RESEARCH released today reveals that more than three fifths of the millennial workforce in the North-East are likely to make a major change to their current job or career in the near future.

Almost half, 47 per cent, admit their current career is not something they feel passionate about, with almost nine in ten, 86 per cent, stating they have felt at a crossroads at least once in their professional lives.

Life stage and time of year are both factors when making a career overhaul, as almost a quarter of respondents aged 21-39 cite being in their 20s and 30s as the time they would make a switch.

January also continues to be a key point in the calendar year for many, as more than one in five people, 22 per cent, in the North-East would most likely consider making a change to their lifestyle then.

The national survey of over 2,000 professionals aged 21-40 for Get Into Teaching, the national campaign aimed at encouraging people across the country to consider teaching as a career, explores working millennials’ career perceptions and the quarter life career dilemma.

More than four in ten of those surveyed in the North-East cited a desire for a more rewarding career and wanting better long-term prospects among the factors that would make them consider a career change before reaching their 40th birthday.

Asked what factors are most likely to prompt them to make a lifestyle change, 41 per cent cited wanting something that motivates them more, and wanting more rewarding interactions 41 per cent.

When asked about teaching as a future career option, almost three quarters 71 per cent of people in the North-East agreed that the profession could provide them with a more fulfilling career.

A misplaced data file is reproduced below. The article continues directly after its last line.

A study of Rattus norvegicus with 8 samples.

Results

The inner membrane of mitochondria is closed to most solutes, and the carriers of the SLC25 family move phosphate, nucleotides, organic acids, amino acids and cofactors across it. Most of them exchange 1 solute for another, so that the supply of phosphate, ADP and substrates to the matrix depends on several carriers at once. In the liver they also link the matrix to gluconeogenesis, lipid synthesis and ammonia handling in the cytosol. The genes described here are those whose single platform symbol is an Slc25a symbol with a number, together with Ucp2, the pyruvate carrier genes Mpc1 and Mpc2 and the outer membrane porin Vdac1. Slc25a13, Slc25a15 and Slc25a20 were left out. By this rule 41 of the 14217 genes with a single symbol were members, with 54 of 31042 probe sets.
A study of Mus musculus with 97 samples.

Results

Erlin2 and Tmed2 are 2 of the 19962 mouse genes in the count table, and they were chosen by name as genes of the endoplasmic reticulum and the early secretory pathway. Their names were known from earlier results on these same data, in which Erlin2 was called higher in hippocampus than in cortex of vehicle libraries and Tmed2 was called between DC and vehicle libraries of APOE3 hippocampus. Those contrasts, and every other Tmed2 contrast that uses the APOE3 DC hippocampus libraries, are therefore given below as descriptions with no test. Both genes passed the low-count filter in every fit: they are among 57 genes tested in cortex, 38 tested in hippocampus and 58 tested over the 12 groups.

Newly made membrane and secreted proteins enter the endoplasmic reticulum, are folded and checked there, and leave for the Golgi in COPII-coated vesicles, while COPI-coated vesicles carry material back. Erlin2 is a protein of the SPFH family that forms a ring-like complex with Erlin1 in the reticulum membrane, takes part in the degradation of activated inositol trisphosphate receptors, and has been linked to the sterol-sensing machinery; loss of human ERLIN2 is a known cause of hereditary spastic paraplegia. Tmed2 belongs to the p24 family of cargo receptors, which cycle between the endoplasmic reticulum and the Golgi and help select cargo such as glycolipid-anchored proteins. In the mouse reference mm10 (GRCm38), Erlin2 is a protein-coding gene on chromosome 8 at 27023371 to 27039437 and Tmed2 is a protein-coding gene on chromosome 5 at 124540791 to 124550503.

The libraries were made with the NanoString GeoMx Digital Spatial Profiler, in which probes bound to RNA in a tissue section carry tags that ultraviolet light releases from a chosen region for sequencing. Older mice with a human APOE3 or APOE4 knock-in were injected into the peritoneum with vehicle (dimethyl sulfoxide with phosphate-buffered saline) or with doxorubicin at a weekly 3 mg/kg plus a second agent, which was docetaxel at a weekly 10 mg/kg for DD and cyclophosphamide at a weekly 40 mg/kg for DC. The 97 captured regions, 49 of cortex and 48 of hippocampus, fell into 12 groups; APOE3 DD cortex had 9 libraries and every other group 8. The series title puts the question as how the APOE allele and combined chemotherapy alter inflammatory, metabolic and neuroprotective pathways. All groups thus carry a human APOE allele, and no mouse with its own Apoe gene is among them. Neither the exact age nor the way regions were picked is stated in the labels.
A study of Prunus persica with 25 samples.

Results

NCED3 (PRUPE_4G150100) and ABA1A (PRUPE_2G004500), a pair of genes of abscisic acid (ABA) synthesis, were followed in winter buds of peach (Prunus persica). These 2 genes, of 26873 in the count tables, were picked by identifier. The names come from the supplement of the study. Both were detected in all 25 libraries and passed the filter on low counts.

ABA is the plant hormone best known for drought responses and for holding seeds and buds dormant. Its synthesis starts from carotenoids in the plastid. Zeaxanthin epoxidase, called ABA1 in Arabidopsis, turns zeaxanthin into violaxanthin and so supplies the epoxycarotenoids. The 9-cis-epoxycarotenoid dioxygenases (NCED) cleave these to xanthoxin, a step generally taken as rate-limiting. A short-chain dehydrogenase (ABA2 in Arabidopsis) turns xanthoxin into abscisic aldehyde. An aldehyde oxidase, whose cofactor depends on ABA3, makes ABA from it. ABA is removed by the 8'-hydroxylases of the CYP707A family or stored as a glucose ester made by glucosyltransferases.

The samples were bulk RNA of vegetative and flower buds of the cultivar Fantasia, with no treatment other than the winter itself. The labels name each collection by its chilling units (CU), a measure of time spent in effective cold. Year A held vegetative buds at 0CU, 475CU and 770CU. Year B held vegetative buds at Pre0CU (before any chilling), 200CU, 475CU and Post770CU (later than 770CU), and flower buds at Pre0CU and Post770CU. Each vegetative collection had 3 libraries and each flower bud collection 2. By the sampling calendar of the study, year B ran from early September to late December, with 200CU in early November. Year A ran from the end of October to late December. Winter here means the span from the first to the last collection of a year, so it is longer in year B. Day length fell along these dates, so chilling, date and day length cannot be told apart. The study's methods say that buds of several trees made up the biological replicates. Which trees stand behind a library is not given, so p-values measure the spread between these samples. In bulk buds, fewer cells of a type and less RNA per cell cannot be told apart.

Roger Pope, spokesperson for the Get Into Teaching campaign and a National Leader of Education, said: "For many people the start of a new year is the time they are most likely to make a significant change to their lifestyle and this can include their job or career.

“This research highlights the importance to young professionals of being in a rewarding role they feel passionate about and how they want to make a change and forge a new career path before they reach their 40th birthday.

"This is where teaching comes into its own, particularly for those who are looking for a career that is rooted in purpose and that can provide fulfilment and long-term prospects.

“I would encourage anyone wondering what their day job means to them at this time of year to visit the Get Into Teaching website and register their interest.”

The Get Into Teaching team has experienced advisers available to give free support and advice.

For more information about teaching as a career and to register your interest visit: or call the Get Into Teaching line on 0800-389-2500.